It's hope in a coffee cup.
Canberra PCYC was celebrating this week with the unveiling of the Cruisin' Cafe, a cafe on wheels, but also a mobile training van for disadvantaged youth to get their hospitality and barista qualifications.
The Snow Foundation provided the grant to purchase the purpose-built vehicle which was unveiled by Canberra PCYC patron Governor-General David Hurley and his wife Linda at Brindabella Business Park on Wednesday.
The cafe will be cruising Canberra streets and available for bookings for events, with all income generated going back into what becomes an important social enterprise for the PCYC.
It's some welcome good news for the Canberra PCYC which was on its knees financially earlier this year due to COVID-19 shutdowns, funding cuts and falls in donations.
Governor-General Hurley and Mrs Hurley have been strong, involved supporters of the work of the PCYC.
"Life cannot be kind to some people through no fault of their own, and it is organisations like PCYC, that don't judge but reach out and help young people," he said, at this week's launch.
"This is just another enormous opportunity for these youngsters to learn."
Canberra PCYC works with more than 650 young people and families each year. They know each young person learns in a different way and some struggle with being in mainstream education due to other issues, including mental health, peer pressures, drug and alcohol abuse and domestic violence.
Canberra PCYC CEO Cheryl O'Donnell said young people of working age would get training, but also a sense of purpose, through the van.
"Most who go through it will be young people from disadvantaged backgrounds who don't receive a lot of opportunity," she said.
"Once it's up and going there may be a second group go through, such as women who've had to leave violent relationships and haven't been able to get back into the workforce. We'll run a separate program for them so they get training, they get experience and they are linked to the employment service, who then works with potential employers to get them into paid positions."
She said the support had been overwhelming.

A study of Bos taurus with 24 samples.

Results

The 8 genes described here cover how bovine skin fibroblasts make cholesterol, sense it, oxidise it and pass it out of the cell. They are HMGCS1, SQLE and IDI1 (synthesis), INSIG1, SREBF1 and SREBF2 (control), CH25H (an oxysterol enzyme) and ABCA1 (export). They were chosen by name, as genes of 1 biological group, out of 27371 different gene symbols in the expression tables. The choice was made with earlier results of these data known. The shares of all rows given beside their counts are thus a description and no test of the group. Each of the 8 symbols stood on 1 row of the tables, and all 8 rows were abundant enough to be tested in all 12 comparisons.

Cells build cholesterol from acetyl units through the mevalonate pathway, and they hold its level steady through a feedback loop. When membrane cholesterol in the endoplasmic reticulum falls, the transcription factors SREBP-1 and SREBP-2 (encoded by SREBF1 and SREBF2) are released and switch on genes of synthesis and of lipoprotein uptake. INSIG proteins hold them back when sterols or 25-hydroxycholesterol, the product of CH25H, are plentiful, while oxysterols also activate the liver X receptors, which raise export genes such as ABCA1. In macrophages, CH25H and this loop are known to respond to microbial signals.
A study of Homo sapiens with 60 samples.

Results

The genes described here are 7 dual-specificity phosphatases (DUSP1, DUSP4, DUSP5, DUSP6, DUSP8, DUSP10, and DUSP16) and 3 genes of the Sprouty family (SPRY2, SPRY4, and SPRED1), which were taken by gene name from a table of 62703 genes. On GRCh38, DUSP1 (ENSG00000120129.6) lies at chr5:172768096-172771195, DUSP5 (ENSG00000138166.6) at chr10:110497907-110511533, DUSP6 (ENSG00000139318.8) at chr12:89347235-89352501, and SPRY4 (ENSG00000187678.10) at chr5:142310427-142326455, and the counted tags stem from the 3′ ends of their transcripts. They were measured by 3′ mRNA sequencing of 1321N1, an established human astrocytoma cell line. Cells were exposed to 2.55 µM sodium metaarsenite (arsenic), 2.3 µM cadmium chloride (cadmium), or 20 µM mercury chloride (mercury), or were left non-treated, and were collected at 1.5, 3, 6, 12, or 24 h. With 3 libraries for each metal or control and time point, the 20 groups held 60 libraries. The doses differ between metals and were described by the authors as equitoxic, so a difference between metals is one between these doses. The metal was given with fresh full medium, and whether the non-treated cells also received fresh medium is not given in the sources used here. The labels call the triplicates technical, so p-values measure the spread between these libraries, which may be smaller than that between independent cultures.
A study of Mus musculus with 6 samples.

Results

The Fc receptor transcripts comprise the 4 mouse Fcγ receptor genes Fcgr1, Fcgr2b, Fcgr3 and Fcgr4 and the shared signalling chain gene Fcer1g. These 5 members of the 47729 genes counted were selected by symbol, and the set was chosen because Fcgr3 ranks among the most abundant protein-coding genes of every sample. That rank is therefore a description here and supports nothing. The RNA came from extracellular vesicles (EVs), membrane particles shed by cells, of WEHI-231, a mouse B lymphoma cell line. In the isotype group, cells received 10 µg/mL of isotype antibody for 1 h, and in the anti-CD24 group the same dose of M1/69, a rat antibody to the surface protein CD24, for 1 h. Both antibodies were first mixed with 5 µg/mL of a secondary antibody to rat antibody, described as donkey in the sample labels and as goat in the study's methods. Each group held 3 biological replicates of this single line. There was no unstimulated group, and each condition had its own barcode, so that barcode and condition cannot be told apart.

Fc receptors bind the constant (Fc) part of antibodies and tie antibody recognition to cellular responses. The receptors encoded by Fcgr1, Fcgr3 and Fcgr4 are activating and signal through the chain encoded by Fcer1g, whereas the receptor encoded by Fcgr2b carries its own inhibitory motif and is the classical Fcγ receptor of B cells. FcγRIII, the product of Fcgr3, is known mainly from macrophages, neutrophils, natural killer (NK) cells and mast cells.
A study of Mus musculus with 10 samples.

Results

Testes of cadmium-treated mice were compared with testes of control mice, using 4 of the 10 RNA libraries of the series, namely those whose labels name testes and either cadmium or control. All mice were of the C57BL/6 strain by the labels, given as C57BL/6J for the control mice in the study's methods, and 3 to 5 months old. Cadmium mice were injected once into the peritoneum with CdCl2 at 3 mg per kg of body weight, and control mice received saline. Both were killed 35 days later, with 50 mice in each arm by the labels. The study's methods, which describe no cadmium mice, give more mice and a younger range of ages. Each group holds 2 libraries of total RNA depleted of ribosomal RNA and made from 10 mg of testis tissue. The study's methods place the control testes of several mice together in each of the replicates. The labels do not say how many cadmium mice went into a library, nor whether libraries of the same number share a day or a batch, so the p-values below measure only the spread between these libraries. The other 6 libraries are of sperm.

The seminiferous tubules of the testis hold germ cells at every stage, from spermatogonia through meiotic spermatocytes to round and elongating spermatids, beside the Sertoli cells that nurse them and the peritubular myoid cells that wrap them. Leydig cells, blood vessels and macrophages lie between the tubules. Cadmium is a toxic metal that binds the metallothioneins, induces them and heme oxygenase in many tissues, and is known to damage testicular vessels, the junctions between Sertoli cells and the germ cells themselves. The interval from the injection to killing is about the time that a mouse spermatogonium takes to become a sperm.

"It's great to see that so many people share our vision, which is for these young people to have a positive future with employment and for them to feel good about themselves," she said.
Some of the young people helped with the catering of the launch event on Wednesday.
"You could see the glow on these kids' faces that so many people cared about what was going on for them," Ms O'Donnell said.
The Cruisin' Cafe had been a true collaboration with many organisations putting their hand up to get involved.
"I'd like to thank The Snow Foundation who provided the grant to purchase the purpose-built vehicle; Food Trailer King who upgraded the van to a supersize model at no extra cost, Cosmorex Coffee for providing the coffee machine and coffee supply, College of Transformation Education & Training for the training program in Certificates in Hospitality and Barista, Salvation Army Employment plus - who will work with potential employers to place young people into traineeships and Boorer Foundation and Hands Across Canberra for providing funding towards the staff start-up wage," she said.
"We are so proud and could not have done this without all your help".
The Snow Foundation director Stephen Byron said it was great to help young people reach their potential through a unique pathway.
"This is a great example of how we can help fill the gaps with a one-off grant, to help grassroots entrepreneurial initiatives like this get off the ground," he said.